An independent energy company based in Denver has opened its first regional office in Billings to better develop its oil-and-gas leases around Roscoe and Red Lodge and along the Big Horn Basin of Montana and Wyoming.
Energy Corporation of America chief executive John Mork said he has been exploring these Montana properties for 50 years, but like many other oil-and-gas companies, pulled out of Billings when prices tanked in the mid-1980s.
These energy reserves in Montana and Wyoming were discovered a century ago, he said, but they couldn’t be produced economically until modern drilling techniques, chiefly horizontal drilling and hydraulic fracturing, were perfected.
“I would love to bring something like the Bakken, maybe something a little more orderly than what is going on in Williston right now, to the area in the Big Horns and other areas in Montana,” he said. “It would fundamentally change these areas the way it has changed other areas of the United States.”
The company he and his wife, Julie, started in 1963 controls 1 million mineral acres, owns and operates about 4,600 wells and 5,000 miles of pipeline. The company has been focusing in the shale oil plays in Pennsylvania, West Virginia and Texas, as well as New Zealand.
Their son, Kyle Mork, is the chief operating officer and attended the official office opening at 3737 Grand Ave. Pete Coors of the Colorado beer brewing dynasty serves on ECA’s board and also attended the Billings ceremony.
“While we’ve operated in Montana for quite a long time, I realize we’re not exactly a household name,” Kyle Mork said.
In Montana, ECA plans on developing up to 50 wells in two zones on the MacKay dome near Roscoe and the Dean dome, as well as an undetermined number of wells in the Big Horn Basin of Montana and Wyoming along the Clarks Fork of the Yellowstone. With horizontal drilling techniques, multiple wells can be drilled from a single pad or site.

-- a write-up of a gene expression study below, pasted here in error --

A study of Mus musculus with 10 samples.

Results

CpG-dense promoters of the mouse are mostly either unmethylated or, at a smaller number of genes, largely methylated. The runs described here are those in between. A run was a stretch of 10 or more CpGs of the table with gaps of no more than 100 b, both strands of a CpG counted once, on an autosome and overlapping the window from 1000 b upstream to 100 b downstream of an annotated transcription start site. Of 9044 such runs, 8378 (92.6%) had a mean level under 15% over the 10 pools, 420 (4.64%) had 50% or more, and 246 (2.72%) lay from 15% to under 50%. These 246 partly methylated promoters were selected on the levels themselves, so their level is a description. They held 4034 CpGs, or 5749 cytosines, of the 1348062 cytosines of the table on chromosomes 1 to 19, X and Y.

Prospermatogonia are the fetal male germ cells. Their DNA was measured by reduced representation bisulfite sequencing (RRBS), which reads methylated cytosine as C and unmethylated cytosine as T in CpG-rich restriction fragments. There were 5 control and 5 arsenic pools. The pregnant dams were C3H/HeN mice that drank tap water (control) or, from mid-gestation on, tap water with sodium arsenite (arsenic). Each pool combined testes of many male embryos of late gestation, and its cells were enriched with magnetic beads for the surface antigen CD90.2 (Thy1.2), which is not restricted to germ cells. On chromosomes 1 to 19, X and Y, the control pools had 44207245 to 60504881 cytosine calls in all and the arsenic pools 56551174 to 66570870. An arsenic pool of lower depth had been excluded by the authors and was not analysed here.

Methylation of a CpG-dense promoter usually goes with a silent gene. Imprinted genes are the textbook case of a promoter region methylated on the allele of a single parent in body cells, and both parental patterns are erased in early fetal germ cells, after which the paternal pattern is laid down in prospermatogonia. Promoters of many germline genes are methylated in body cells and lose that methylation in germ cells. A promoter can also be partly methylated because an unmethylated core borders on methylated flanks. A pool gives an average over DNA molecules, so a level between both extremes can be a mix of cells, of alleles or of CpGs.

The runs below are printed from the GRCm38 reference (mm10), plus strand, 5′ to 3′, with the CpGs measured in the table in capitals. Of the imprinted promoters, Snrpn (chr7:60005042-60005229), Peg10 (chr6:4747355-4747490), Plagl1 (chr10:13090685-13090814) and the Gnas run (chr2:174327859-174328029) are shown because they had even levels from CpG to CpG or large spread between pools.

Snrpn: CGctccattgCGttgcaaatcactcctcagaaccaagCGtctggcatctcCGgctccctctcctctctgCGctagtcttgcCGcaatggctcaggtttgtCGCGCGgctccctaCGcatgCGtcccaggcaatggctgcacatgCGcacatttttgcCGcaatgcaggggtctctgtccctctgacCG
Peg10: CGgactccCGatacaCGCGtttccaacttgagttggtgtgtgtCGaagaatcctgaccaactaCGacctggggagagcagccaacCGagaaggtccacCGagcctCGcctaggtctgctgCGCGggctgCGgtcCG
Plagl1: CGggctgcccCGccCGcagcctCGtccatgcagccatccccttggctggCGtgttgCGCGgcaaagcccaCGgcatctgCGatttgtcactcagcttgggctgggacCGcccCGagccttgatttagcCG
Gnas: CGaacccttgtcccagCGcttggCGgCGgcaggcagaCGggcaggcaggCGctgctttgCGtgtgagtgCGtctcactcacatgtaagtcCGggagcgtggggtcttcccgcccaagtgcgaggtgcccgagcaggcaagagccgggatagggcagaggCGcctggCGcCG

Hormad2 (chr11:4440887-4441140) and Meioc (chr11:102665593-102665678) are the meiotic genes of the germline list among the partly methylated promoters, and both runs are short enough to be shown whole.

“What we know about, in a couple of years we’ll have it developed,” John Mork said. “These fields are producing wonderfully now.”
He was talking about the reserves his company has already identified before exploring for other good prospects.
The company has a clean environmental record, he said, and all the water used in fracking is reinjected. Fracking involves injecting water and some chemicals at extremely high pressure to break up shale rock two miles or more under the surface, releasing the oil and gas.
About 90 percent of ECA’s production is natural gas. The price of that commodity has dropped to record lows, thanks largely to the explosion of production from shale plays in North Dakota, the Marcellus formation in New York and Pennsylvania and shale in Texas.
The unexpected riches from oil shale production are a huge deal economically to the United States, John Mork said. During a recent meeting with David Petraeus, a retired four-star general and former CIA director, Mork said Petraeus estimated the shale plays could save the United States $380 billion a year, money now used to buy crude oil from often unfriendly countries.
ECA’s 300 employees are able to keep production costs low compared to other companies, so natural gas remains profitable for ECA, John Mork said.
The Roscoe and Big Horn wells are shallower and therefore less expensive to drill than a Bakken well. John Mork said his company spends about $3 million to drill each Montana well.
The Billings office will be run by Derrick Pottmeyer, ECA’s Rockies district manager.
The Mork family established the ECA Foundation in 1996, which has given $25 million to local charities. Two years ago, John and Julie Mork donated $110 million to the University of Southern California for scholarships and improving education remains a passion, he said.
“We’re looking forward to growing here, to bringing more and more good paying jobs and to continue our support of the communities where we work,” Kyle Mork said.